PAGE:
Thomas Piquemal told a French parliamentary committee that he quit the energy giant after management rejected his calls for a final investment decision to be postponed until at least 2018.
Mr Piquemal said: “In January 2015, I proposed to negotiate a three-year delay with our client because we reasoned that it would weigh too heavily on EDF’s balance sheet.”
He added that plans to build the Somerset plant posed a “major construction risk” and that EDF was gambling up to 70 per cent of its equity on unproven technology.
His comments come just a week after the French government confirmed that a final investment decision on the £18bn project would not be made before September. It also revealed plans to raise £3.1bn through a rights issue to cover the cost of its future operations.
Mr Piquemal said that he could not sign off on a decision that would see EDF follow the same route as nuclear firm Areva, where the company would have to ”recapitalise a few months before defaulting on payments”.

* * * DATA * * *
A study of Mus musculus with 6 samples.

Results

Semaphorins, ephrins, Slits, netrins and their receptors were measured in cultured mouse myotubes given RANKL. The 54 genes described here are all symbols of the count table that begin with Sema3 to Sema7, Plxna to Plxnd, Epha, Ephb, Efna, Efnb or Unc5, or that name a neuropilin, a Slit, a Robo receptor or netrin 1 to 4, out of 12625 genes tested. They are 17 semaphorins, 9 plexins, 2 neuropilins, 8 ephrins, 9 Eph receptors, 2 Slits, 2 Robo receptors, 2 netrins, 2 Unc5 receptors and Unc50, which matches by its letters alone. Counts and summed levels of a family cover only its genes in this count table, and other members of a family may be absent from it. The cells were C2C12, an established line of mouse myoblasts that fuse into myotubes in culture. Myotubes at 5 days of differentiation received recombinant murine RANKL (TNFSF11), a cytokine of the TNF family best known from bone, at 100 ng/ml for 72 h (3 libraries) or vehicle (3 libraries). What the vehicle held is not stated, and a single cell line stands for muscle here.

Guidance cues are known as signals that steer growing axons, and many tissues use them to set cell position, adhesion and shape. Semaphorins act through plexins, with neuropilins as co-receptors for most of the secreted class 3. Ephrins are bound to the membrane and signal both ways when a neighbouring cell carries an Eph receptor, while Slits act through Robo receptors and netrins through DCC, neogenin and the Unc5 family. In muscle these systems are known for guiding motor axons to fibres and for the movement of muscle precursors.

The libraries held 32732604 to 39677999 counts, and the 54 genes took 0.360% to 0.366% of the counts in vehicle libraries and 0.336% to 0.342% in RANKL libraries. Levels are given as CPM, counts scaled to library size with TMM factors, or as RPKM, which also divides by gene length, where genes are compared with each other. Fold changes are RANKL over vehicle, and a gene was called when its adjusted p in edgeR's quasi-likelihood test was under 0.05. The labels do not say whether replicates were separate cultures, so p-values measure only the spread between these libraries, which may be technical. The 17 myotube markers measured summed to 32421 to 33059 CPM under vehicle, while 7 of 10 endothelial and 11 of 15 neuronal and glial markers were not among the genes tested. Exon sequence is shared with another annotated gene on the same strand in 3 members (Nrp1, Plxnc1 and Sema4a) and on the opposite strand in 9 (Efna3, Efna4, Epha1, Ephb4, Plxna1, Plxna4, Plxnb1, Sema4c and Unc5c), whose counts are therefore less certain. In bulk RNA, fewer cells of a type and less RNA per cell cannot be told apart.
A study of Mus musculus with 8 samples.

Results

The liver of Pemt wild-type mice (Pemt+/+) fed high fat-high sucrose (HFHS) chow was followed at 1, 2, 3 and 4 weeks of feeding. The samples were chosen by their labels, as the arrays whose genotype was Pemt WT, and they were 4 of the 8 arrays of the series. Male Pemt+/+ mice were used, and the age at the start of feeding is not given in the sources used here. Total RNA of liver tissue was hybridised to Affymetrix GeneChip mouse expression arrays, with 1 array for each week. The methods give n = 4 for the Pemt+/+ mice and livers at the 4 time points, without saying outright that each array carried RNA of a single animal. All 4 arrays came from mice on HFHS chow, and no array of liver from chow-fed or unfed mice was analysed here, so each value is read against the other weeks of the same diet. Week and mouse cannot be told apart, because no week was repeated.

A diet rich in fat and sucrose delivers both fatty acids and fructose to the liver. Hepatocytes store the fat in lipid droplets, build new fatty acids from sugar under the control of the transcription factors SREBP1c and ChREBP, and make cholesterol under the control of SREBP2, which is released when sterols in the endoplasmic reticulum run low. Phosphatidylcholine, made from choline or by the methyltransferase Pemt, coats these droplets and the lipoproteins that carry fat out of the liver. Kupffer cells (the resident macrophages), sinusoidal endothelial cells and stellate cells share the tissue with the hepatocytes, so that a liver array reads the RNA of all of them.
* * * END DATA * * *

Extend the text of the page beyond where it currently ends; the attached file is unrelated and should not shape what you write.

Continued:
Last year, the French government was forced to recapitalise Areva ahead of selling its reactor business to EDF.
When it goes ahead, Hinkley is set to use Areva’s EPR reactor.
The reactor has so far been used in three EDF plants: in Finland; in China; and in its native France.
One of those plants – Flamanville in northern France – is running six years behind schedule and €7bn (£5.2bn) over budget.
The Finnish Olikuluoto 3 plant is now 10 years behind schedule and €5bn (£3.7bn) over budget.
The Chinese Taishan 1 plant has been under construction since 2009 and is expected to start up in the first half of 2017, while Taishan 2 is scheduled to begin operating by the end of that year.
EDF declined to comment on Mr Piquemal’s comments.